But there could be a better way. What if there was software that could predict if a user was going to be a troll before their behavior could tear online communities apart?
That's one of the questions that a study submitted this month to the 9th International Conference on Web and Social Media by researchers at Stanford and Cornell universities hopes to answer.
The researchers -- Justin Cheng, Cristian Danescu-Niculescu-Mizil and Jure Leskovec -- waded through 18 months of user activity in the comment sections of CNN.com, conservative political news site Breitbart.com, and gaming site IGN.com looking for antisocial activity. Using data provided by commenting platform Disqus, they were eventually able to identify what they called "future banned users" -- commenters who were later blocked from the site for bad behavior.
Those users, they found, tended to focus their comments on a small number of stories and were more likely to post things otherwise irrelevant to the overall conversation. Trolls' behavior also tended to get worse over time, according to the researchers -- and they were generally successful at getting a rise out of those in an online community.
"They receive more replies than average users, suggesting that they might be successful in luring others into fruitless, time-consuming discussions," the researchers said.
The researchers used their findings to design a program that could predict who would be banned in the future -- looking at things like post content, user activity and community and moderator responses. And they had some success: They determined that they could predict with more than 80 percent certainty if a user would later be banned -- and only needed five to 10 of a user's posts to make a prediction.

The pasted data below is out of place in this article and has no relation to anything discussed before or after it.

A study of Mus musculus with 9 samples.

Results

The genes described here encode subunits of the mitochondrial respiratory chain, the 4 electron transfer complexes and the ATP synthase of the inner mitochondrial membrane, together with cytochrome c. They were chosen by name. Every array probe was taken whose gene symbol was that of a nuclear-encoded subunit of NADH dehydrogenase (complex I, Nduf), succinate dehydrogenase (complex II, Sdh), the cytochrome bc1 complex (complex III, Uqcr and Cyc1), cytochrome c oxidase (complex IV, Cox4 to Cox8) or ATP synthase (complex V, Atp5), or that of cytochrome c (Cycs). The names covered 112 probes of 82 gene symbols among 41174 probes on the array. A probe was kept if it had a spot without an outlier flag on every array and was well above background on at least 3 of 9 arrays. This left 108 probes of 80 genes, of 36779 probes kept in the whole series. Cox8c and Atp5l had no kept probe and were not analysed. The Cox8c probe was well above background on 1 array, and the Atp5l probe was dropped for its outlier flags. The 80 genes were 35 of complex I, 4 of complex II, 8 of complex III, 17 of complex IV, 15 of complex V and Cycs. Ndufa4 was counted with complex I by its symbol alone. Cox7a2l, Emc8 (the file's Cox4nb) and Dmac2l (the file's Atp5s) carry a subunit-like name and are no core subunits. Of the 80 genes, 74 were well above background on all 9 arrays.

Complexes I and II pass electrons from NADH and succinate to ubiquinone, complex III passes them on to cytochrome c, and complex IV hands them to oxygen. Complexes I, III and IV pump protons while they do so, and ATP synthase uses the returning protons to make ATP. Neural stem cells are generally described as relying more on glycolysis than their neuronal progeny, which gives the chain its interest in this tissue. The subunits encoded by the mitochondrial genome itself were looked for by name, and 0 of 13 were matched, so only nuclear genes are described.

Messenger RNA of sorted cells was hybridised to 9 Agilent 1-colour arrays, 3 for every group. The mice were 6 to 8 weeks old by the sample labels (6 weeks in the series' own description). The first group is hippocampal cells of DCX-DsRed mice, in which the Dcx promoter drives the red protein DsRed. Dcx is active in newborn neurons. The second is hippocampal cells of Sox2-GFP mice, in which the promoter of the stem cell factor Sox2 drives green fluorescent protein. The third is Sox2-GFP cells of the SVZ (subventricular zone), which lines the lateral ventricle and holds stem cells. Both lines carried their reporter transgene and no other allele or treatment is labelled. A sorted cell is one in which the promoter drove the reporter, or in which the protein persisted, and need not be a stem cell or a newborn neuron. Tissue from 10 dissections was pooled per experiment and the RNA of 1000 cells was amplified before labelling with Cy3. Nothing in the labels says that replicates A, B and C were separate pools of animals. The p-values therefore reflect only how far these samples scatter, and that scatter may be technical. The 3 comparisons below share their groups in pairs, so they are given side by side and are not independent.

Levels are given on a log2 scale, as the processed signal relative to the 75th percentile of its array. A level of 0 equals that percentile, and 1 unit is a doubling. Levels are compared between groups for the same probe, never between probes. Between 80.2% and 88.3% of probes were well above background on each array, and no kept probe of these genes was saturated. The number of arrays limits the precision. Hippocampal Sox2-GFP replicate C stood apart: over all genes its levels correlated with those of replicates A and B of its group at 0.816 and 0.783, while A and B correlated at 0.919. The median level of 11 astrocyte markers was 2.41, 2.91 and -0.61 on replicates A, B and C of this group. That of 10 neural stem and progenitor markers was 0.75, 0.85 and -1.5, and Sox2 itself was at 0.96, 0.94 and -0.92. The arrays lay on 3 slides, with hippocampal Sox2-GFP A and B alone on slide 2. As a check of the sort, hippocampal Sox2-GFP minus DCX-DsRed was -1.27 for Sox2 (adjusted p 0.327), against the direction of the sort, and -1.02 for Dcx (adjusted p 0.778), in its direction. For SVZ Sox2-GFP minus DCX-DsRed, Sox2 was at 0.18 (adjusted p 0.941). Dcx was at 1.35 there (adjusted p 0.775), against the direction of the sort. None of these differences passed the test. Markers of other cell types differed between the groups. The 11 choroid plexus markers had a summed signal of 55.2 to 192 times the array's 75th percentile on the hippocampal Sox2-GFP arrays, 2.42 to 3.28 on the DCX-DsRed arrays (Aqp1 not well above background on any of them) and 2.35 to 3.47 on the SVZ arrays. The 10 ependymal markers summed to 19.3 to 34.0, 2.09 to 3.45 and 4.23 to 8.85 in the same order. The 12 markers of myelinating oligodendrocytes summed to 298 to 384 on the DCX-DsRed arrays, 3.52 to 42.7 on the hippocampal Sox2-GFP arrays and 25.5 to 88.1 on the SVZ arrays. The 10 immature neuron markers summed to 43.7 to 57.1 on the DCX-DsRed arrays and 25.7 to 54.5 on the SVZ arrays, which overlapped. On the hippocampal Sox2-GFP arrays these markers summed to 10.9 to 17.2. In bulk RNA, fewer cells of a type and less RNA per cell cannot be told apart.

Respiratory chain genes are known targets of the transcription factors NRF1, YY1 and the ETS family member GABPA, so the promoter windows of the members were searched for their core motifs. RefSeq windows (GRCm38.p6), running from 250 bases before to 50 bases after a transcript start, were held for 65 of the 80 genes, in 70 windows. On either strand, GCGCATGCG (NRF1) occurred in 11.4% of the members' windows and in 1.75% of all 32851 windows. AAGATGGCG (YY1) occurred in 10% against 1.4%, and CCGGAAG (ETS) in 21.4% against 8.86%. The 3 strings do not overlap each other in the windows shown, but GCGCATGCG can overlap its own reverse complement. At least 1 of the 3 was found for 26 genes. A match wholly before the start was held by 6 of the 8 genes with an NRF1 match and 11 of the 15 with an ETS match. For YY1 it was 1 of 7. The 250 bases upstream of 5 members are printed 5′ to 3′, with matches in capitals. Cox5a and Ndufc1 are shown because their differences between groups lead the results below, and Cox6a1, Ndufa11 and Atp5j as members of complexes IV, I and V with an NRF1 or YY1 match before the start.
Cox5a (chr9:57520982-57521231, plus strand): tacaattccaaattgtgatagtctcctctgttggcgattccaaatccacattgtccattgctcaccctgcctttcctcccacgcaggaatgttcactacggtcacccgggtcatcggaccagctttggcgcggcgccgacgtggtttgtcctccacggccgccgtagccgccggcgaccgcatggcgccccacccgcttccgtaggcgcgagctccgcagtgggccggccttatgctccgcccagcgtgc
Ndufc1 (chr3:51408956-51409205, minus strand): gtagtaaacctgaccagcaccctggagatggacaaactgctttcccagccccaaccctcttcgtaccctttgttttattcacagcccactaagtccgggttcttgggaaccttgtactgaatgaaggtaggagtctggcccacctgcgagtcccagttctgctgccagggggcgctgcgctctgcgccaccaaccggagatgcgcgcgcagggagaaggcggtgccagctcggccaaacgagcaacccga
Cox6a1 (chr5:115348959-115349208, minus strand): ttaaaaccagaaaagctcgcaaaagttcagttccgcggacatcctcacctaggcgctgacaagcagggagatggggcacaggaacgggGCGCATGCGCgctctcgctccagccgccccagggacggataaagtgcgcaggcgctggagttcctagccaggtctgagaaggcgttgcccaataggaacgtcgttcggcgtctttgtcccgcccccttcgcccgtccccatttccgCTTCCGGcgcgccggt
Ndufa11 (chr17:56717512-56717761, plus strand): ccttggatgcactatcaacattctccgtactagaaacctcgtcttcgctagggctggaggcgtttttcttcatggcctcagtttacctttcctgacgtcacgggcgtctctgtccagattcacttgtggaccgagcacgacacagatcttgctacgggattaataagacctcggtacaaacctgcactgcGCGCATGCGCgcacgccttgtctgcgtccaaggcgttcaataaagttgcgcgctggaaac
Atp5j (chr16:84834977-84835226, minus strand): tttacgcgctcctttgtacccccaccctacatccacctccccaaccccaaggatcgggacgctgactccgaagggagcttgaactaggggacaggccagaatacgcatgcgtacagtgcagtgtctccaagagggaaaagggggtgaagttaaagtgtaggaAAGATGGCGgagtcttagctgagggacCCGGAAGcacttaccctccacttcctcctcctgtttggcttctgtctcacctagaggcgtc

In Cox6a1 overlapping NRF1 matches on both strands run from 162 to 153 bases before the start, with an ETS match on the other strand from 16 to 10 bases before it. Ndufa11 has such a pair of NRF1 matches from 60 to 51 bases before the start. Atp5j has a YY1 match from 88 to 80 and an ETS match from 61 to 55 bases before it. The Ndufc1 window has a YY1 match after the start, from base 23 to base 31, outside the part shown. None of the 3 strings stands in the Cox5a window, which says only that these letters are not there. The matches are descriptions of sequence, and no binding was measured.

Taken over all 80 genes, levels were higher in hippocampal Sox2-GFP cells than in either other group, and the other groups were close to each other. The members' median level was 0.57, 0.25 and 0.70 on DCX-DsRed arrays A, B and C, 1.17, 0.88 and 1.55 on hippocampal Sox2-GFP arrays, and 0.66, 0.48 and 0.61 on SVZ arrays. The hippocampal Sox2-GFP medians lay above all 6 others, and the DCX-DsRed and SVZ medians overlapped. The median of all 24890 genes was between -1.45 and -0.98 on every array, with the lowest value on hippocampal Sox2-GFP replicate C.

But those results might not yet be good enough for sites walking a narrow line between protecting users from truly abusive behavior and banning unpopular opinions.
Some platforms are looking at ways to limit the impact of disruptive users without actually banning them. Twitter, for instance, said this week that it is testing out a product that flags potentially abusive tweets based on a "wide range of signals," such as account age and similarities to previous messages that staff deemed abusive, and then limits their reach.
But regardless of how sites approach it, online harassment is a serious problem: Some 40 percent of adult Internet users have experienced it, according to a Pew Research Center study last year. And controlling the bad actors responsible behind some of the most aggressive behavior is a struggle for many online sites, including Facebook and Twitter.
Unsurprisingly, research suggests these uncivil commenters tend to have some pretty dark personality traits. Research led by University of Manitoba graduate student Erin Buckels published in the journal Personality and Individual Differences last year found links between online trolling and narcissism, Machiavellianism, psychopathy and sadism.
The issue is particularly important for news sites. There's evidence that trolling behavior, such as ad hominem attacks in the comments of stories, can sway readers' opinions, regardless of the underlying facts -- that's one reason that Popular Science decided to do away with comments altogether in 2013.
But that's just not an option for every site, especially considering how important user contributions have become in our increasingly social online experiences. That's why systematic approaches could be a godsend to sites that otherwise must use a lot of manpower to stop their comment sections from turning into cesspools.